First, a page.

With flooding rampant, soaking stores and homes, and causing upheaval throughout the water-logged communities, it’s a good opportunity to recognize that, just like sweet lemonade, too much of a good thing is still too much.
One of the most breathtaking sites I’ve visited was a 150-foot waterfall in Oahu, Hawaii. Granted, I had hiked a few miles through steep terrain and sloshed through the mud to see Manoa Falls, but that’s not why I was breathless—the water seemed to gush straight from a large pitcher in the sky as if God himself was pouring the water into the cliffs.
I watched it cascade across the boulder, spraying and puffing up like cotton candy and felt like I was sliding down the cliff with it.
I imagined early civilizations bathing beneath it and collecting water in jars for cooking. I imagined washing my hair under the foamy current while I tried to avoid looking for leeches and snakes. I pictured plunging from the top in a barrel like I’d heard some folks survived doing at Niagara Falls.
I stood in awe. How could anything be so beautiful and so scary at the same time?
Later that evening, after a pina colada and an acai bowl—a berry yogurt topped with granola and fruit—I learned that a young lady had plummeted to her death at Manoa Falls just hours after I’d left.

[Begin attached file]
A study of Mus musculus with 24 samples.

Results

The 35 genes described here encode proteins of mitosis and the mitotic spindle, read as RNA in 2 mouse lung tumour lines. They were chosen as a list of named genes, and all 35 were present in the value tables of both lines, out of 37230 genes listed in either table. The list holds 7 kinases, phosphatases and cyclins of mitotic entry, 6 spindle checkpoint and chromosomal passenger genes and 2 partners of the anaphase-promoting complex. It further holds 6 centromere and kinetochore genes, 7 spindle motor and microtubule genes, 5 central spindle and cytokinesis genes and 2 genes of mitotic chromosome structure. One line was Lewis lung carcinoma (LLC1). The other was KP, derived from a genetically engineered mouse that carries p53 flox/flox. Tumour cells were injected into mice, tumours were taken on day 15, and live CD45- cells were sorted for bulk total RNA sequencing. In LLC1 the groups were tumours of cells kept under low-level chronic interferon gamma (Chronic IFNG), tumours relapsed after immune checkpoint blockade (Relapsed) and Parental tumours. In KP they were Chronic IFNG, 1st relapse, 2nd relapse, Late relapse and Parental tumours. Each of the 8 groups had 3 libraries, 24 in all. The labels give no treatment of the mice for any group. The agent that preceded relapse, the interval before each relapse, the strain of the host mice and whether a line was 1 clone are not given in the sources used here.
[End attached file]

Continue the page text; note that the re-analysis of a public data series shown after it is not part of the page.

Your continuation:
She had just graduated Valedictorian of her high school class and was enrolled in pre-med at the University of Washington. Now, she wouldn’t be able to ever hug her loved ones again. She wouldn’t be able to savor the fruits of her school labors or enjoy a berry smoothie or flash her friend a smile.
She had marveled over the falls, teetered on the edge and toppled over into the water. She had lost her balance.
The water claimed her life and is a harsh reminder that maintaining balance is crucial—not just physical balance, but harmony with all of life—all of our surroundings—and that we must respect the majesty of nature even as we revel in it’s healing power.
Water is both invigorating and relaxing—cleansing and destructive.
Water can cleanse the body and mind. A shower can wash away the dirt, and watching a waterfall pound the rocks as you imagine your worries bursting can lighten a burdened heart.
As those of us who are in areas drenched by the latest rains recuperate, let us acknowledge the blessings water brings, and give thanks even as we are sopping up and drying out. The sun will, most likely, come out tomorrow and if we’re lucky, a rainbow may appear, reminding us there is always hope.
Michele Savaunah Zirkle is a native of Meigs County, author of “Rain No Evil” and host of Life Speaks on AIR radio. Access more at soundcloud.com\lifespeaks.